UNICEF Indonesia gets ‘Flu-Wise’ to fight H1N1

© UNICEF Indonesia/2009/ Yukezain
University students in Indonesia hand out mini ‘hygiene bags’ just minutes before a train leaves for Central Java. The bags feature flu prevention messages, tissues and liquid hand sanitizer.

By Suzanna Dayne

JAKARTA, Indonesia, 22 October 2009 – When millions of Jakartans packed trains, buses, planes and cars to trek back to their hometowns to celebrate the end of the Muslim fasting month of Ramadan, there may have been an uninvited guest travelling with them – the H1N1 virus.

The virus has begun to spread to Indonesia, the fourth most populous nation in the world.

In response, UNICEF, in collaboration with the Indonesian National Pandemic Influenza Committee and with funding from CIDA, the Canadian International Development Agency, launched a series of events to raise awareness about pandemics and to inform people about what they can do to protect themselves and their families.

During the height of the Ramadan travel season, university students helped hand out mini 'hygiene bags' to tens of thousands of travellers. The bags feature flu prevention messages, tissues and liquid hand sanitizer.

“This is great. It will take us about 15 hours to get to my village,” said Ms. Yulianti, a mother of two. “We stop sometimes but the restrooms aren’t always clean, so this is good to have, especially for the children.”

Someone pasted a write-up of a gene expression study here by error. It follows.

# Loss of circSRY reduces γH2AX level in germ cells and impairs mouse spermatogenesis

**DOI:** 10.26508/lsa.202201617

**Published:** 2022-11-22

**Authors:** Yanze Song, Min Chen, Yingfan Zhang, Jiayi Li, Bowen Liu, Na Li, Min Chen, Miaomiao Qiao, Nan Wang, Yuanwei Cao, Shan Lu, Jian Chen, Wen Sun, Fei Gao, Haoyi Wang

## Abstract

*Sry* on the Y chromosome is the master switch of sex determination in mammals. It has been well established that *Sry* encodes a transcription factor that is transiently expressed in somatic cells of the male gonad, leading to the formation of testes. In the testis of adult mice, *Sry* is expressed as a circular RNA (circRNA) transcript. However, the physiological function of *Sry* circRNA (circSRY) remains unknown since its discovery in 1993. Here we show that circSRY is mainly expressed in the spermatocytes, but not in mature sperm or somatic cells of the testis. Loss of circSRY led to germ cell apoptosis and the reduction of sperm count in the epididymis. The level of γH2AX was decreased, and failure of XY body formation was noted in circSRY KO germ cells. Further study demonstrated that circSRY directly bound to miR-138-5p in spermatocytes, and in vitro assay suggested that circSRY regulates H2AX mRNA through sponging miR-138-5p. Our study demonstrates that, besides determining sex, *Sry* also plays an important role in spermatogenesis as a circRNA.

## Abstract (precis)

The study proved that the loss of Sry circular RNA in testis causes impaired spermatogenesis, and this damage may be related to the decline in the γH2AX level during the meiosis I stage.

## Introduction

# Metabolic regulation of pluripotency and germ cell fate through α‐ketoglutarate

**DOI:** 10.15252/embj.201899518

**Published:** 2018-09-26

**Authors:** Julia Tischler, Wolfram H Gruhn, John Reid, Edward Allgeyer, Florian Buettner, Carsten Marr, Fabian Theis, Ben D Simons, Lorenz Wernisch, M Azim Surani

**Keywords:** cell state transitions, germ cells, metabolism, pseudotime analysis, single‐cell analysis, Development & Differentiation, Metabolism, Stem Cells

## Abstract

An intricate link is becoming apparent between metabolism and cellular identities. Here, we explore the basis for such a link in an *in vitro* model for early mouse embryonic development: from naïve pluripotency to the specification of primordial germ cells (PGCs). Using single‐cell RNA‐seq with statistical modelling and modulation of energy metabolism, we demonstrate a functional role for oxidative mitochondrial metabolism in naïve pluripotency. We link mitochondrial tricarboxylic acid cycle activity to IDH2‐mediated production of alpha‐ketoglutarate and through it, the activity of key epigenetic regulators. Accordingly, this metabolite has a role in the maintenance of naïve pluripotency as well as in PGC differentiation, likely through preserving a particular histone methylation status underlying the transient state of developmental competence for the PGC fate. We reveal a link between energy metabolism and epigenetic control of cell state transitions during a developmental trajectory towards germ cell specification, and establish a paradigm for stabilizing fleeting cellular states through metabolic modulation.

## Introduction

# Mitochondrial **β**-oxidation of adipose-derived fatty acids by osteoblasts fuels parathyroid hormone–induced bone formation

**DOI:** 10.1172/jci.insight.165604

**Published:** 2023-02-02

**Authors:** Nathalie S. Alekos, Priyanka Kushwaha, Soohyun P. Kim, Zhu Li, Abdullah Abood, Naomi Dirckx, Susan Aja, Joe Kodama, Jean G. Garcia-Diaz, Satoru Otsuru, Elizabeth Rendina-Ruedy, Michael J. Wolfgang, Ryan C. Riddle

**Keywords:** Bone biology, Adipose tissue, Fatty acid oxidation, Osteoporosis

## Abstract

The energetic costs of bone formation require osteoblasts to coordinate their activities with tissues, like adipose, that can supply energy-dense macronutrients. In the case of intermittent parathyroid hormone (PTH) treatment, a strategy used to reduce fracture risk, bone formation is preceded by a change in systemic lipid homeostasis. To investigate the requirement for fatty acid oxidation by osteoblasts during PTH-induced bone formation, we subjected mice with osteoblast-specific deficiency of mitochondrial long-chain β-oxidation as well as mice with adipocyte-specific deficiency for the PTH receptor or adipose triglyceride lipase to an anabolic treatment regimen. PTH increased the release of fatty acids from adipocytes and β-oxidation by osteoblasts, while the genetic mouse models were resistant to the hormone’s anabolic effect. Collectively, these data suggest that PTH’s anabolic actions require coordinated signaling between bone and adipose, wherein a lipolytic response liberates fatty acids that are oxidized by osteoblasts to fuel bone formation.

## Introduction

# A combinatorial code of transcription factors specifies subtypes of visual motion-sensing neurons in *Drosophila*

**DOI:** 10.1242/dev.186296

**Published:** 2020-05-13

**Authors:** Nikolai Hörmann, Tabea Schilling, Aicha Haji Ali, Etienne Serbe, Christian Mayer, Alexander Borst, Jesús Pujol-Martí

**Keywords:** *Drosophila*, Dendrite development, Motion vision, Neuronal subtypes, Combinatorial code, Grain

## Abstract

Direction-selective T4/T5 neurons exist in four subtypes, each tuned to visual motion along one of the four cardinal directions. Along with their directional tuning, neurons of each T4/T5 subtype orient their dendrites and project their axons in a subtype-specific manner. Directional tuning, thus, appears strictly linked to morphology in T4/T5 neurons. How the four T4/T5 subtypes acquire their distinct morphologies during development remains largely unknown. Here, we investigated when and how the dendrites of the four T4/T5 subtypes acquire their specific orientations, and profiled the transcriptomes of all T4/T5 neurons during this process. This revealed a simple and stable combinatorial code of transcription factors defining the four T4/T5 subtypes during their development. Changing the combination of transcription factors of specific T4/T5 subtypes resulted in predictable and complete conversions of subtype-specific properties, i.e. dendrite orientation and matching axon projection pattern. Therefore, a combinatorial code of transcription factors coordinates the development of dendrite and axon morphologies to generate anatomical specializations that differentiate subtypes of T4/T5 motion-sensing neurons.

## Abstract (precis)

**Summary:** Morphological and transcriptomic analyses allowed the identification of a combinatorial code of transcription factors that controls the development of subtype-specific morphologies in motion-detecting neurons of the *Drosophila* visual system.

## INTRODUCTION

Reaching a wider audience

In Banten province, more than 200 people crowded into the small parking lot of a local radio station for a chance to see their favourite stars up close. But these celebrities weren’t there just for fun. They carried important life-saving messages about H1N1.

© UNICEF Indonesia/2009/ Latif
Indonesian television actor Rieke Diah Pitaloka and co-host Fanny Fadila ask a grandmother and her grand daughter what they do when they get the flu.

“Does anyone here know what to do to protect yourself from flu?” Indonesian television actor Rieke Diah Pitaloka asked the crowd. He received a flurry of replies.
Mr. Pitaloka plays the warm-hearted, gullible character ‘Oneng’ on a popular TV series ‘Bajaj Bajuri’. UNICEF worked with the writers and actors from the show to produce a six-part radio miniseries to raise awareness about pandemics.

Using humor as education

The story, which uses both comedy and drama, explains how the Bajuri family copes during the deadly outbreak. Each episode includes key health messages that were first developed by UNICEF and the World Health Organization. The messages known as ‘Flu-Wise’ and ‘Flu-Care’ explain what to do to prevent getting flu and how to care for yourself or a loved one at home.

The series is airing on more than 100 radio stations around the country.

UNICEF also launched a television Public Service Announcement that features animated Flu-Wise characters. An interactive DVD has been developed with indepth information, videos and self-help quizzes so that people from all walks of life can understand how to protect and care for themselves, their communities and their families.